Will drone racing fly as a sport?
Imagine careening through the forest chasing Stormtroopers on speeder bikes as Luke Skywalker and Princess Leia did in a famous scene from “Star Wars,” flying around trees and ducking under branches.
A group of drone operators created that sensation for Internet viewers when they recently raced their camera-equipped robotic quadcopters through a forest. The video went viral.
It is that virtual reality experience of sitting inside the small flying machine’s cockpit that convinced Stephen Ross, the owner of the Miami Dolphins, and his business partner that drone racing could be the next big global sport.
A few months ago, Ross’ New York investment firm, RSE Ventures, bankrolled a start-up called Drone Racing League to work on turning what is now little more than an underground hobby for enthusiastic drone geeks into a profitable business.
With Ross’ initial funding of $1 million, the drone league experimented with its concept this summer by gathering a small group of quadcopter pilots to race their machines through an abandoned century-old power plant in Yonkers, N.Y.
The small helicopter-like drones sped around the course set up inside the industrial hulk, flying through doors — while avoiding the obstacles of the plant’s remaining rusty equipment — at speeds as fast as a car.
Drone Racing League founder Nick Horbaczewski said he plans to organize drone races anywhere birds have a fascinating view: from jungles to parking garages to historical landmarks.
“The opportunities are endless,” said Horbaczewski, 34.
The league plans to make money the same way any sports business would, including through sponsorships, media deals and eventually ticket sales.
“While it’s very early,” said Matt Higgins, who founded RSE Ventures with Ross, “it has all the makings of a future sport.”
Drone racing as a hobby was sparked when manufacturers added video cameras to their robotic quadcopters, which are often roughly the size of a pizza.
Pilots wear goggles that give them the drones’ perspective of the race course, calling it “first-person view,” or FPV racing.
But the pastime really took off in the last year as the drones became more sophisticated with better controls, said Ryan Gury, 32, who works for the league designing drones and race courses.
“Before it was almost like you didn’t have the steering wheel tightened,” Gury said. “Now you have laser-sharp response rates.”
Gury said racing a drone makes you feel as if you can defy gravity.
“You have this ridiculous connection to it,” he said. “It feels like you are a superhero.”
Ross, a real estate developer, and Higgins created RSE Ventures in 2012 with the intention of being on the vanguard of sports entertainment. Using technology to improve the experience of fans has been one of their key focuses.
Higgins said one of his 30-something employees brought the idea of drone racing to him earlier this year.
“I stayed up all night,” he said, “and watched every drone racing video I could find on the Internet.”
He said he was taken by the fervor of the hobbyist racers.
“This is about taking that passion,” he said, “and turning it into a sport.”
Higgins said he believes the sport can quickly find a place on television because of the take-you-there video that the drones’ cameras create.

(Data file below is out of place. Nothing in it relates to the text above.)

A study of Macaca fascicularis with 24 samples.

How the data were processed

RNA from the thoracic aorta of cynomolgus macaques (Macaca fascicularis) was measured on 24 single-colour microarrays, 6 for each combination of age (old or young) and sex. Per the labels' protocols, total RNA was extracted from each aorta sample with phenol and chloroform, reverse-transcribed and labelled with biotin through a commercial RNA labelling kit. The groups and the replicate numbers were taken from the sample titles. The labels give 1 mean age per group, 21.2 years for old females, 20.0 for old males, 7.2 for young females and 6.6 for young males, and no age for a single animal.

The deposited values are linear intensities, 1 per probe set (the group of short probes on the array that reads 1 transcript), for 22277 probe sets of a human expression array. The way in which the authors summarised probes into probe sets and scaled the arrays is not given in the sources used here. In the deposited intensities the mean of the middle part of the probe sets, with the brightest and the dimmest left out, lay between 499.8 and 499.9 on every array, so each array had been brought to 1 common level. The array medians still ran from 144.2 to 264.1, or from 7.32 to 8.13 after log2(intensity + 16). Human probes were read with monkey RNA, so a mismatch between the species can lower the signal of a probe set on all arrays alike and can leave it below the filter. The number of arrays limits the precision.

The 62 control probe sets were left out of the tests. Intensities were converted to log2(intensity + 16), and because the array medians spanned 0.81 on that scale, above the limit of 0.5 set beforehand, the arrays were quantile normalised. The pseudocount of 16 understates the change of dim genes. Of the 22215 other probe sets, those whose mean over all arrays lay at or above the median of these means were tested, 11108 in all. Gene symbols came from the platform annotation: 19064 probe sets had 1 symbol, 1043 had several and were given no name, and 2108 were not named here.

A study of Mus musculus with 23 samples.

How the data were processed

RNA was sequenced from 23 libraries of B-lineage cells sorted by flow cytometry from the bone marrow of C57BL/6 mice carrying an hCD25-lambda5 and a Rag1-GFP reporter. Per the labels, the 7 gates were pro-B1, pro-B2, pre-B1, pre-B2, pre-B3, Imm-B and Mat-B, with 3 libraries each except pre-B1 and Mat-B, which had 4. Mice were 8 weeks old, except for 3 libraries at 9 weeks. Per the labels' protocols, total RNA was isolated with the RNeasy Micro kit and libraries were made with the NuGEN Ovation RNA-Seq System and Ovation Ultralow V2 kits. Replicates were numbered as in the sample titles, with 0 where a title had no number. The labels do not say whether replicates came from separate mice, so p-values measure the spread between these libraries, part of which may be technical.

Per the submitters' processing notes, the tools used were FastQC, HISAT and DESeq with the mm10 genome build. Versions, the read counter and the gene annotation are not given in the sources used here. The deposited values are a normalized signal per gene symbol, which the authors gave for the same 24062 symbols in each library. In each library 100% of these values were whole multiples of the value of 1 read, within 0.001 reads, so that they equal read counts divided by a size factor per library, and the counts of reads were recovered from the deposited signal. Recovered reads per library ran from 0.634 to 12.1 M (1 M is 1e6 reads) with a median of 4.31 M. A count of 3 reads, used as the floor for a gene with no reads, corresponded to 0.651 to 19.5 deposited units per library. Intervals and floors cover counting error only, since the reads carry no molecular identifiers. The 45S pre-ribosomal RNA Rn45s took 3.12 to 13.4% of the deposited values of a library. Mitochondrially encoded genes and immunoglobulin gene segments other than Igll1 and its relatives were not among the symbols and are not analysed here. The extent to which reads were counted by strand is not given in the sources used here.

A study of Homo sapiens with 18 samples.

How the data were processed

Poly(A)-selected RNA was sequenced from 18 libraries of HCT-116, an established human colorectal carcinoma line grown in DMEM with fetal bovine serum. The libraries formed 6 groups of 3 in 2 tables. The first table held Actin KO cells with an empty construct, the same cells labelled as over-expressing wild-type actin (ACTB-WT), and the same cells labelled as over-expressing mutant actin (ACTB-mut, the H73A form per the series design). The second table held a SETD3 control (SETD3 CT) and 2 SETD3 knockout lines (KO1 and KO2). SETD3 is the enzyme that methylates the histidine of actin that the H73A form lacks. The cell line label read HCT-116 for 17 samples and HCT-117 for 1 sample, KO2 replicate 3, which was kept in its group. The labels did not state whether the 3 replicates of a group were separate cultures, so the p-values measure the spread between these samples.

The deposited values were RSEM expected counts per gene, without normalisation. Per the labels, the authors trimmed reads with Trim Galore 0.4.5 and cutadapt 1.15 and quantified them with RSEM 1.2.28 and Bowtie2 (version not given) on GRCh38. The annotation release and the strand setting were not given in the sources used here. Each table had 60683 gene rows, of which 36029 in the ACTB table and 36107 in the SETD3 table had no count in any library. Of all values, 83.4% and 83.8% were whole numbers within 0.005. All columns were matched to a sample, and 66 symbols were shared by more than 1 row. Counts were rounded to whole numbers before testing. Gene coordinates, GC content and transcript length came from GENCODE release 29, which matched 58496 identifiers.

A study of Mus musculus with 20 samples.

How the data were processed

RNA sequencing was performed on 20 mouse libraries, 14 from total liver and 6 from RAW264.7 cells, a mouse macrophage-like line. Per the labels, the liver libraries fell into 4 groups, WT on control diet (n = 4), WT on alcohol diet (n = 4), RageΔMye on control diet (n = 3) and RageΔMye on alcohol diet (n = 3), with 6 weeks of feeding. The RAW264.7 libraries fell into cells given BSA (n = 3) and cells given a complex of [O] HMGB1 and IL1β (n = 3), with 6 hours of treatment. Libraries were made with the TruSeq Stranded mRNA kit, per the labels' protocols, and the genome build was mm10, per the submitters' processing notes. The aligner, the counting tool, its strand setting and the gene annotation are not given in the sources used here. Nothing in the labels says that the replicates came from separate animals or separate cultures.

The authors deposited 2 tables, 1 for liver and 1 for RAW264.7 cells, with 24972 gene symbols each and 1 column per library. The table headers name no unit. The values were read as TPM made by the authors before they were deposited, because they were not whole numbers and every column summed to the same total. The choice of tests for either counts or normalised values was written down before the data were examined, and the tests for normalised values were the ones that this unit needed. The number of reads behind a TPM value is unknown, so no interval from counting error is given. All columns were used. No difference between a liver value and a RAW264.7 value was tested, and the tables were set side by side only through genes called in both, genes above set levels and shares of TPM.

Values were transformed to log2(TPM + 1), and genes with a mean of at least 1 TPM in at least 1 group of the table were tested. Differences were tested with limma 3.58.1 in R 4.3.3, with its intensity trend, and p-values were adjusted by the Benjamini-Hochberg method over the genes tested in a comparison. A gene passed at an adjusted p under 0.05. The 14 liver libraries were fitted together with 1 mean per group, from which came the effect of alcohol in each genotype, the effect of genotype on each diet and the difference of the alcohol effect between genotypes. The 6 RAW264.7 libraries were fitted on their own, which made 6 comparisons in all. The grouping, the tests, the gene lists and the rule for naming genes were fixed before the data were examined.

He said it will be harder to make it a spectator sport. But he points to the success that Twitch, the streaming service, has had with professional video gaming.
On Twitch, fans watch video gamers play as they listen to commentary from announcers. The company says it now has more than 100 million unique views each month. Twitch, now owned by Amazon, has also co-sponsored video game tournaments that have filled spaces the size of the theater at Madison Square Garden.
Horbaczewski, the league’s founder, said he believes he can make drone racing popular with spectators by allowing the crowd to wear goggles or watch immersive video screens that put them inside the drone.
“Who doesn’t want to feel like they are flying,” said Higgins, who describes drone racing as “Twitch meets Formula One.”
The league spent a day testing drones at an event in Los Angeles early this summer, Horbaczewski said.
He said the company doesn’t yet have a race scheduled for California, but employees are excited about creating courses there.
“We’ll be in California,” he said.
The league won’t be the first to try to fill an arena with drone racing fans in the Southland.
In July, the first National Drone Racing Championship was held at a stadium at the California State Fair in Sacramento.
Scot Refsland, who directed the race, said part of his motivation was to show the public that drones were not the menacing spying machines that many believed.
“Drone racing had never been put in a big stadium like that,” Refsland said. “Up until now, it had been a bunch of guys getting together in a field and flying.”
Refsland said it was the first drone race approved by the Federal Aviation Administration, which currently has banned the commercial flying of the robot-like machines until safety regulations are approved.
He said organizers put up nets to ensure the drones didn’t soar into the crowd.
“We didn’t have any major fly-aways,” he said.
The event was lightly attended, but Refsland said interest in drone racing is skyrocketing.
He said he’s already planning the World Championship in Hawaii for next year. That race will have a purse of $100,000 — four times the prize in Sacramento, he said.
Refsland said the sport is morphing constantly as operators use 3-D printers to redesign their machines and instantly manufacture new parts.
The investment from RSE has only added to the excitement, he said. “We’re in a hyper, hyper market.”